333 Hershey Lane
Clayton Georgia 30525
The 1960s can be seen as a pivital decade for the advancement of the Civil Rights Movement. Some of it's greatest sadnesses and most important advances were experienced during those
years and certainly the March on Washington in 1963 was a watershed event.
In Lillian's book “Our Faces, Our Words” published in 1965, a year before her death, the closing paragraph makes a case for a future of hope, accomplishment and unity.
“I have not ended the story. For there is no end. This Movement is alive, it is growing, it has already become a part of our life as Americans; it is joyous, still a singing movement, still one full of compassion and love; and being so, it is flexible, amenable to the best our minds and hearts can offer it. Amenable also to the worst we offer it. A brave vigorous movement that is here to stay; rich with infinite creative possibilities, potent-and dangerous, for the potential good can be distorted and lost by the despairing restlessness of those from the ghettos who have no hope, and who are to uninformed historically, too unsure emotionally to analyze current conditions or foresee the consequences of their acts. We, as a people, could be confronted soon by a series of catastrophes.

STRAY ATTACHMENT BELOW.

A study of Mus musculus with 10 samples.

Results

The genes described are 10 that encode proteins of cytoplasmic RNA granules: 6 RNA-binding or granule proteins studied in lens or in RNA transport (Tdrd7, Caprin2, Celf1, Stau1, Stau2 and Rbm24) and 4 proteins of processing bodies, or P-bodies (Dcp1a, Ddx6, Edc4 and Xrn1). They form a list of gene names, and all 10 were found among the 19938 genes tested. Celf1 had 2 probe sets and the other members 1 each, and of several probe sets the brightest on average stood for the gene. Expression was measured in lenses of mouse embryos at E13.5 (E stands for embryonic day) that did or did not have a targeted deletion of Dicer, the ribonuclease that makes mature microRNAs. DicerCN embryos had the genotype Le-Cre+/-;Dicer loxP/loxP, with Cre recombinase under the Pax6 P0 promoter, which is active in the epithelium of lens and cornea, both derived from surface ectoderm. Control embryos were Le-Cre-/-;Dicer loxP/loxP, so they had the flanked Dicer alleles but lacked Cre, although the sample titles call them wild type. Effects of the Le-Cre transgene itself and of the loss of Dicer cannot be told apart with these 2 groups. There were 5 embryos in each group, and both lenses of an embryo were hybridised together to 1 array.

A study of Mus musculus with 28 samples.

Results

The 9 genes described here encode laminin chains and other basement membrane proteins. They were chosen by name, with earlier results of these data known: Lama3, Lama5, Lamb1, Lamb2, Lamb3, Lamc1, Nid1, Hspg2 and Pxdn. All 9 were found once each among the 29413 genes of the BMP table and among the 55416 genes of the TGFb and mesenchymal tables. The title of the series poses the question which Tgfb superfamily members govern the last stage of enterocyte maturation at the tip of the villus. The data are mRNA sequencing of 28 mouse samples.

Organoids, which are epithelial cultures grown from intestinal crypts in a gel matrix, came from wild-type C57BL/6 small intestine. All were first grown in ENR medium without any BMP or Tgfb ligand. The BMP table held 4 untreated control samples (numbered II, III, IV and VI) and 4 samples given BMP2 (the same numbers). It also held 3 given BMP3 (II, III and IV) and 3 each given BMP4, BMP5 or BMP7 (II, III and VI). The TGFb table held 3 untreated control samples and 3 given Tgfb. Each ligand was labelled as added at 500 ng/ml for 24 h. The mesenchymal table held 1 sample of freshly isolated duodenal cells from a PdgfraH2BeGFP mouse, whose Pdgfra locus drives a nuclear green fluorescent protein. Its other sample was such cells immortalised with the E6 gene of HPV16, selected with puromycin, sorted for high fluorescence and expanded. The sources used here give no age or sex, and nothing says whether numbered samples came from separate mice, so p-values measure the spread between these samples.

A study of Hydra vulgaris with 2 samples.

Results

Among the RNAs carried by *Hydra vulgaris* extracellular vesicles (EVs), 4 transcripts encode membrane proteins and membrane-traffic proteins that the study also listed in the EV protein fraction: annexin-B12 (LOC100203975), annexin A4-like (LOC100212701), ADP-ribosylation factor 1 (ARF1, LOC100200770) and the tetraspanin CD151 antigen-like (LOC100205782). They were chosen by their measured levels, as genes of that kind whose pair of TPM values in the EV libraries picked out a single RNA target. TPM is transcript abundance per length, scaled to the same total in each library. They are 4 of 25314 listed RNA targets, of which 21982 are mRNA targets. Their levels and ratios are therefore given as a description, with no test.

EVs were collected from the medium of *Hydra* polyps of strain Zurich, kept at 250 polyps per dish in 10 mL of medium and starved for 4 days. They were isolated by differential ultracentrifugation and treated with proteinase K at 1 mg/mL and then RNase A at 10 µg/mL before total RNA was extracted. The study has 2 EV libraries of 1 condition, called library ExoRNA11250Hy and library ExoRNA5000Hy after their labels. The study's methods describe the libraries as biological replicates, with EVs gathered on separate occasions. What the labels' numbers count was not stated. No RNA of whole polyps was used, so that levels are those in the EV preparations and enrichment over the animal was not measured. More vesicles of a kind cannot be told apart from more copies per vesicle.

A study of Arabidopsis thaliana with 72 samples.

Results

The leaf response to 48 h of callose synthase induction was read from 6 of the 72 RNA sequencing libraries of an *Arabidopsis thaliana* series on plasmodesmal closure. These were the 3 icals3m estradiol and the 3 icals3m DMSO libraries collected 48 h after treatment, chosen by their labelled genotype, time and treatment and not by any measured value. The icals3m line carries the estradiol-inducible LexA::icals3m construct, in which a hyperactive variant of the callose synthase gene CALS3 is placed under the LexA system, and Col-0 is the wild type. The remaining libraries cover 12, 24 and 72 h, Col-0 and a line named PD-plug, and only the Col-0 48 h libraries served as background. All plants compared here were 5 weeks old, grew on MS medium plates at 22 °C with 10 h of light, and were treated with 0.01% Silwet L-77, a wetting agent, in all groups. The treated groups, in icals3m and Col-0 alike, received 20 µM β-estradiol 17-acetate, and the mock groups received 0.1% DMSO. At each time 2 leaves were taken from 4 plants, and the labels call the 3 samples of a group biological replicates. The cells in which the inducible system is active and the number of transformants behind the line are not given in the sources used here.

Whether this happens depends on the wisdom of responsible Negroes but more, much more on what every responsible white American does next. One thing is certain in a plexus of uncertainties and that is, our encounter with the future cannot be evaded, it must be met by both the artist and the scientist in us, by our deep intuitions and our rigorously proved knowledge-and by the human being in us, too, that creature who knows the power of compassion, the potency of a strange love that keeps reaching out to bind one man to another."
There were catastrophes as we know but
the work goes on and love keeps reaching out.